Most discussions on analytics and its evolution tend to get diluted by someone’s “differing perspective” on what analytics really is? While the term Big Data is becoming ubiquitous, the definition of how big data have to be to be called Big Data gets into a debate all the time. So, to start the discussion, let me briefly cover the four different views that I have encountered on a day to day basis.
The view of analytics as an industry – If, of an equilateral triangle, you could map the interaction between technology, analysis and corporate strategy, any point inside the triangle is a different version of what’s currently being discussed as analytics. Now, if you add another dimension to it, which is called “visualization/presentation” it makes the view almost complete.
For instance –
- So, high analysis and strategy is the current focus of advanced analytics – simulations, neural networks, forecasting, etc.
- High on analysis and low on strategy and low on technology is ad-hoc legacy organization type reporting.
- Low-medium analysis and High technology is the product based dashboards such as BO/ Microstrategy, etc.
- High analysis and high strategy is the analytic based differentiator where analytics sits in the corporate strategy organization and supports CEO’s office.
There are very few examples of organizations that are maximizing across these four dimensions simultaneously even today, despite the discussion around big data. In my experience, every time I reviewed a business development opportunity, I would fit the opportunity in this quad and accordingly think about the solution that could be offered. There are engagements where a client is only looking for visualization that aids executive thinking at one extreme. And there are engagements where the client does not care about visualization or strategy as much because the focus is on tactical decision making.
Now, the Big Data discussion has thrown the buzzword in every corporate boardroom and people want to know what’s being done in their organization with respect to BDA. However, the sensibilities around extracting the value from Big Data are still heavily driven by which of the axis is driving the adoption. Somewhere, what the entire analytics industry is hoping and preparing for is the exact center of gravity of this quad technology, analysis, strategy and visualization come together in a balanced way. Technology (scalable, agile and business integrated) is the key to adapting to the evolving marketplace. Analysis (speed, accuracy, robustness and presentation) holds the key to managing for growth. Strategy (problem solving, business value and resource optimization) will hold the key to dancing with the times. Visualization makes all of this consumable.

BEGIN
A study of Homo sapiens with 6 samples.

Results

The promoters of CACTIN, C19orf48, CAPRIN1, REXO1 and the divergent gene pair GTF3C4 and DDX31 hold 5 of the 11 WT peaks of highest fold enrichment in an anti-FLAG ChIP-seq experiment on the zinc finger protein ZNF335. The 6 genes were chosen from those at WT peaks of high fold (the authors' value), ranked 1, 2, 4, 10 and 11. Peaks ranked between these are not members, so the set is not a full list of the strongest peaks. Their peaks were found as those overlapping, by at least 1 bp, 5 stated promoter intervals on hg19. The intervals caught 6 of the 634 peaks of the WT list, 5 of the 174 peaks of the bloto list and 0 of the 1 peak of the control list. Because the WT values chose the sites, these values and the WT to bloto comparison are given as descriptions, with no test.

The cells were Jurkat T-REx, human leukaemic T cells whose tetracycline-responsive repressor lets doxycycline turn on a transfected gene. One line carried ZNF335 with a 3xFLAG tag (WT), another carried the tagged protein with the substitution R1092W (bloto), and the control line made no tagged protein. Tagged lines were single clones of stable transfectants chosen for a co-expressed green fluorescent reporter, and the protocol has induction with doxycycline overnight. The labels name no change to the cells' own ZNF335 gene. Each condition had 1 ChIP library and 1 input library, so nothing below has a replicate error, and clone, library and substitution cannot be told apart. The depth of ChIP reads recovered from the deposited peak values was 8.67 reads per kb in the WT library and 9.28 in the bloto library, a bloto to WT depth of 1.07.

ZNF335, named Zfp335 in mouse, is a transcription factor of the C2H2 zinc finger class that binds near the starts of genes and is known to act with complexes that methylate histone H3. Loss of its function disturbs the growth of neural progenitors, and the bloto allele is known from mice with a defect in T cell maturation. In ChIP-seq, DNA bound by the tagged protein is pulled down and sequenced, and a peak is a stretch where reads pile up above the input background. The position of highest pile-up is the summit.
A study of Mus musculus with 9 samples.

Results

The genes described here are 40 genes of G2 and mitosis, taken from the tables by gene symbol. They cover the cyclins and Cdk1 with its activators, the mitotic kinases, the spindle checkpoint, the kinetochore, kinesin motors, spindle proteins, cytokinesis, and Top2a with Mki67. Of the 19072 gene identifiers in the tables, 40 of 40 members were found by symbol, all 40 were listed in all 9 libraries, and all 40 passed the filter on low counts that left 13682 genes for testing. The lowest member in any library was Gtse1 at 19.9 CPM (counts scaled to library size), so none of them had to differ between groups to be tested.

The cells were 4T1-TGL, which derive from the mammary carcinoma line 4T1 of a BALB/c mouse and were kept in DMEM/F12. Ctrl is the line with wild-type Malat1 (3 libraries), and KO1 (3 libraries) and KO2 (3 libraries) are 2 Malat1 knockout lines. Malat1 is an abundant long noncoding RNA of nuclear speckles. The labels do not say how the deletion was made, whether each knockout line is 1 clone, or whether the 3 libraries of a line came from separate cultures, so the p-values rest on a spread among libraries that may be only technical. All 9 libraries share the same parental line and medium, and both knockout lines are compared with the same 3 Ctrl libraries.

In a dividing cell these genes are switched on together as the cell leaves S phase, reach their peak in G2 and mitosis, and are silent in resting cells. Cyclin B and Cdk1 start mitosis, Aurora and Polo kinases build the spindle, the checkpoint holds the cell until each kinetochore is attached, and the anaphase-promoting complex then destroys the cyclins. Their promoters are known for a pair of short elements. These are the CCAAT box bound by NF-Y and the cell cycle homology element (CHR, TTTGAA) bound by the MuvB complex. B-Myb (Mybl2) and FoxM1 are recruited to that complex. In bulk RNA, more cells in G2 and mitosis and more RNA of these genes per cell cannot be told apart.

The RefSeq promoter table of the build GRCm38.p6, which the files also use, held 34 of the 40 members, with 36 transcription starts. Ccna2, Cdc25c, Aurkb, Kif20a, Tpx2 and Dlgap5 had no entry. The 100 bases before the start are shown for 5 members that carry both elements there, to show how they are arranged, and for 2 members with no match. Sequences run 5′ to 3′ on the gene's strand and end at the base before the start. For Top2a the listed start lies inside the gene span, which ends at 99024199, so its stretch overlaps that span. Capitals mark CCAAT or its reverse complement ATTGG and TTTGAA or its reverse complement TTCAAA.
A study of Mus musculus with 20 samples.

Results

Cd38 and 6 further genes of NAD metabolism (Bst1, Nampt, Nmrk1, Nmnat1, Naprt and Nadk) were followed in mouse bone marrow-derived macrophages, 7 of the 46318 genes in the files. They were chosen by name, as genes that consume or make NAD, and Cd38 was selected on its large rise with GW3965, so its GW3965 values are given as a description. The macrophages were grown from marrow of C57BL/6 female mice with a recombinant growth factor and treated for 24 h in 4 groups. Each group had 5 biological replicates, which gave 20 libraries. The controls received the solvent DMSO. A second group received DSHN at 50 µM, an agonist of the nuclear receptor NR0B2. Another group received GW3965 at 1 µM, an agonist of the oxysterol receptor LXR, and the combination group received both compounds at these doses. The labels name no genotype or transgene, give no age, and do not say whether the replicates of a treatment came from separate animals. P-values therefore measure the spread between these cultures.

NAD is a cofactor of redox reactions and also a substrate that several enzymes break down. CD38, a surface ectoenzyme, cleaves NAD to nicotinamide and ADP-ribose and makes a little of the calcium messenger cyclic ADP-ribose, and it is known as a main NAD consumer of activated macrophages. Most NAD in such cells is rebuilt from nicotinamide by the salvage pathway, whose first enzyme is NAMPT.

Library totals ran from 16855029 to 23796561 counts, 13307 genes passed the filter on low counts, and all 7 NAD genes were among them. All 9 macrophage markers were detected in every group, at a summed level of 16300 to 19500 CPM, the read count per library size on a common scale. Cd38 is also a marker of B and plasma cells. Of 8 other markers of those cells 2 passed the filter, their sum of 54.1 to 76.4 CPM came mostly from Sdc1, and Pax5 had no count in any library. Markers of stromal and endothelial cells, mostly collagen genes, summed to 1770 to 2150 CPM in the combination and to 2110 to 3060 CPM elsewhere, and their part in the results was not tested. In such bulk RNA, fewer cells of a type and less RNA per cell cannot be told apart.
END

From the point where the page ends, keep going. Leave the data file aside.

From an academic point of view, analytics is a combination of four core subjects – mathematics, statistics (and while mathematics is a precursor, I’d like to keep statistics out as a separate subject), economics and strategy. And in a separate post, I will probably share some of my thoughts around this. Like all business, there is a lot more that you need to be an ace analyst, by the way.
The third view is that of an analytics organization. I have had a chance to work through the inception and expansion phases of third party analytics teams, but as part of a large consulting firm, I have also had a chance to see several analytics organizations embedded within Fortune 500 firms. The differences in quality, quantity, application and perception are stark across these organizations. Take for instance, a Capital One, which is renowned as an Analytical Competitor. So is P&G. Take HUL on the other hand. Or Citibank. Heavy users of analytics as a support function which drives several important decisions, but the firm does not use analytics as a primary skill. Take a Coca Cola, Pepsi, Kraft Foods, Nestle and so on – the variety of analytics and the application is also significantly different across these organizations. Take all the payments companies such as Visa, MasterCard, PayPal, etc. and despite heavy and decentralized analytics team that support all aspects of business, analytics comes in as a secondary in more cases and primary in a few. Take manufacturing companies which might have adopted several inventory management principles and techniques eons back, but when you delve deeper, you realize that there is something amiss in the quality and application of analytics. And finally, when you take third party organizations, and reflect the first industry view on top of the organization, while the business of analytics is at the core of these organizations, their own perceptions of where analytics fits in their clients’ organizations is a major factor in the way they hire, train, and develop their people.
Which brings me to the fourth view – the people view. The industry is full of quants (math, econ, statistics, etc.), architects/technology specialists (data architects, modelers, DBAs, etc.), analysts/ engineers/programmers, visualizers (dashboard specialists, designers, etc.). However, the industry view at large defines the kind of people you need in your world view of analytics being brought to reality.
I have often felt that this difference exists because the organizations differ in where their key decision makers are placed on the quad. Likewise, our ability to build the type of team we want to is a function of where we want to place our team, and this vision being aligned with the vision of the organization.